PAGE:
Our opening hours are reduced on the Australia Day public holiday, Monday 27 January. More information ›

Newsflash:

Due to essential maintenance, access to some online services including eresources and the viewing of digitised items will be temporarily unavailable between 8 pm and 10 pm AEDT on Tuesday, 28 January 2019. We apologise for any inconvenience caused.

Community analysis

When planning a series of early literacy programs for a community, public library staff are encouraged to complete a community analysis.

The best early literacy programming for a community will be based on a good understanding of the local community and its needs.

The Library Community Analysis template  is designed guide you through developing a profile of the children and families in your area.

Step One

Decide if your community analysis will be for the whole local government area (LGA) or the community that is served by a branch library. In a large library service or regional service the branches may operate in very different communities, a site-by-site analysis may be more helpful than one that covers the entire LGA. For example, some parts of an LGA may have intergenerational literacy challenges or include many single-parent families or have many grandparents who are primary carers, while others do not. Awareness of these characteristics will help to shape early literacy sessions to meet community needs.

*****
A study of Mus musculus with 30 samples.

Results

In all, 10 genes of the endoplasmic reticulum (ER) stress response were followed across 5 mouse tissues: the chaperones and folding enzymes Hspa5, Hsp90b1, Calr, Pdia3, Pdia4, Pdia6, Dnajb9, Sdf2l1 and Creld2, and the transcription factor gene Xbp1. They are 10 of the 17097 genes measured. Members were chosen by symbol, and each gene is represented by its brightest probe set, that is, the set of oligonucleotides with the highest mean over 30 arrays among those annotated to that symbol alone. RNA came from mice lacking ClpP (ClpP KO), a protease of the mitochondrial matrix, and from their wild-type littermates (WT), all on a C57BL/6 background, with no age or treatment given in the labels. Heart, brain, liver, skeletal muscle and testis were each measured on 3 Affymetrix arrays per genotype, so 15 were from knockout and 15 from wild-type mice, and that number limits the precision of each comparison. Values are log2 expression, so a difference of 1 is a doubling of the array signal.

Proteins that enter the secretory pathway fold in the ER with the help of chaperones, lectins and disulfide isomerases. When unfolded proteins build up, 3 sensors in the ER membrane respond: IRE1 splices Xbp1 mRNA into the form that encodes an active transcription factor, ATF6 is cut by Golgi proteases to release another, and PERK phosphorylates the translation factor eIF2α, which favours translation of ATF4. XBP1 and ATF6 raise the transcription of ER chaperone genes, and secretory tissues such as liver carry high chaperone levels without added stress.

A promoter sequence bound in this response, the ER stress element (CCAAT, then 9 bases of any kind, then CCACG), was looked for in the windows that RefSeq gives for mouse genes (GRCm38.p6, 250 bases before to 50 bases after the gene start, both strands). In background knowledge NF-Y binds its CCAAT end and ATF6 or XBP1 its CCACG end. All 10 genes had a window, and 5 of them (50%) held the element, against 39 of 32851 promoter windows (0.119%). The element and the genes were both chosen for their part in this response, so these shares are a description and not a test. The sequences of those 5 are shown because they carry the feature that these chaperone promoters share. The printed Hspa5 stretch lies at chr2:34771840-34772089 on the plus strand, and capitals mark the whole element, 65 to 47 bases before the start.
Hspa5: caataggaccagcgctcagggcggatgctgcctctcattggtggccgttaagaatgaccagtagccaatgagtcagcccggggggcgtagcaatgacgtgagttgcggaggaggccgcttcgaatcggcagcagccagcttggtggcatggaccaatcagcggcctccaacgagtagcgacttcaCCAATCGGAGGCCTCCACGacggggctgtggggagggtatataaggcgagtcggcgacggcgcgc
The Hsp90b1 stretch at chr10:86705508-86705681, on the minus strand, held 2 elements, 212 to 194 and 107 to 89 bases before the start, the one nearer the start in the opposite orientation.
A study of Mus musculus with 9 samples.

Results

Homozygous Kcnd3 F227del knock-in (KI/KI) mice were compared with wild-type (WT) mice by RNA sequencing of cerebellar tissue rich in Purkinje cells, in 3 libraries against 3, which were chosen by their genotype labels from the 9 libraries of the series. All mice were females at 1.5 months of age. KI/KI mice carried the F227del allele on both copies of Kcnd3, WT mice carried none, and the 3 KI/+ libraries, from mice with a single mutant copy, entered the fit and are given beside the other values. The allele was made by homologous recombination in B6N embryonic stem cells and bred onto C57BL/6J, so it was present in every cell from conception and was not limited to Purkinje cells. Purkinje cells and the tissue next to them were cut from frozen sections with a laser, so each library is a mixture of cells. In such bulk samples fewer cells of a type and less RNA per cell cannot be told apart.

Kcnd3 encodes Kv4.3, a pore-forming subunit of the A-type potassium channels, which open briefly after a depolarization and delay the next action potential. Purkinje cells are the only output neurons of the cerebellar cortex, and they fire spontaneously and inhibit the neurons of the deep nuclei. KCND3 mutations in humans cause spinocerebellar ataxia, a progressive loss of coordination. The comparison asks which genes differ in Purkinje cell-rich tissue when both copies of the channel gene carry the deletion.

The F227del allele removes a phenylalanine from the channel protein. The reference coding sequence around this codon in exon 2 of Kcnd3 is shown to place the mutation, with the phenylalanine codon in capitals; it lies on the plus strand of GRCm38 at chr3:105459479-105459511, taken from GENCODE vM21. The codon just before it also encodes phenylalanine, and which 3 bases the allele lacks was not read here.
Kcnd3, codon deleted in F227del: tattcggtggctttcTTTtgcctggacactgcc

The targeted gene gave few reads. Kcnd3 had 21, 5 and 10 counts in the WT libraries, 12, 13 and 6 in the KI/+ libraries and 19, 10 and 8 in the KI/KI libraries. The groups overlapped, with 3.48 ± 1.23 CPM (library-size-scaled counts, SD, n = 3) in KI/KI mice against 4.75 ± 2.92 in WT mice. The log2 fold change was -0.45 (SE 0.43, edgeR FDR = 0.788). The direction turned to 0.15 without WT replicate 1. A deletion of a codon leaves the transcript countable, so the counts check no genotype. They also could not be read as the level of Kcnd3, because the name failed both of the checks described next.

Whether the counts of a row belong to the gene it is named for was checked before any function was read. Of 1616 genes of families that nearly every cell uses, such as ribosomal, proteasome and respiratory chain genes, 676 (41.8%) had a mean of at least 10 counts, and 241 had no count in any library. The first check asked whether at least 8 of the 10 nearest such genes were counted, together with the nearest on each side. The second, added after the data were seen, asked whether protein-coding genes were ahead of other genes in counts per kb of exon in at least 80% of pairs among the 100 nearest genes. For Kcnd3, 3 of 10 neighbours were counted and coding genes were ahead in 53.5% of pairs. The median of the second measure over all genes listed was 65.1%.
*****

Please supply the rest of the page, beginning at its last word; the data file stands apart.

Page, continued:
Step Two

Using the questions and resources below, collect the data about your community.

Step Three

What does the data tell you about your community and how they will access the library’s early literacy sessions? For example, information about local transport options (e.g. bus and train timetables) should be considered when designing the schedule of storytime sessions. And, if a community has one or two dominant languages other than English (LOTE), there may be greater demand for storytime in those languages.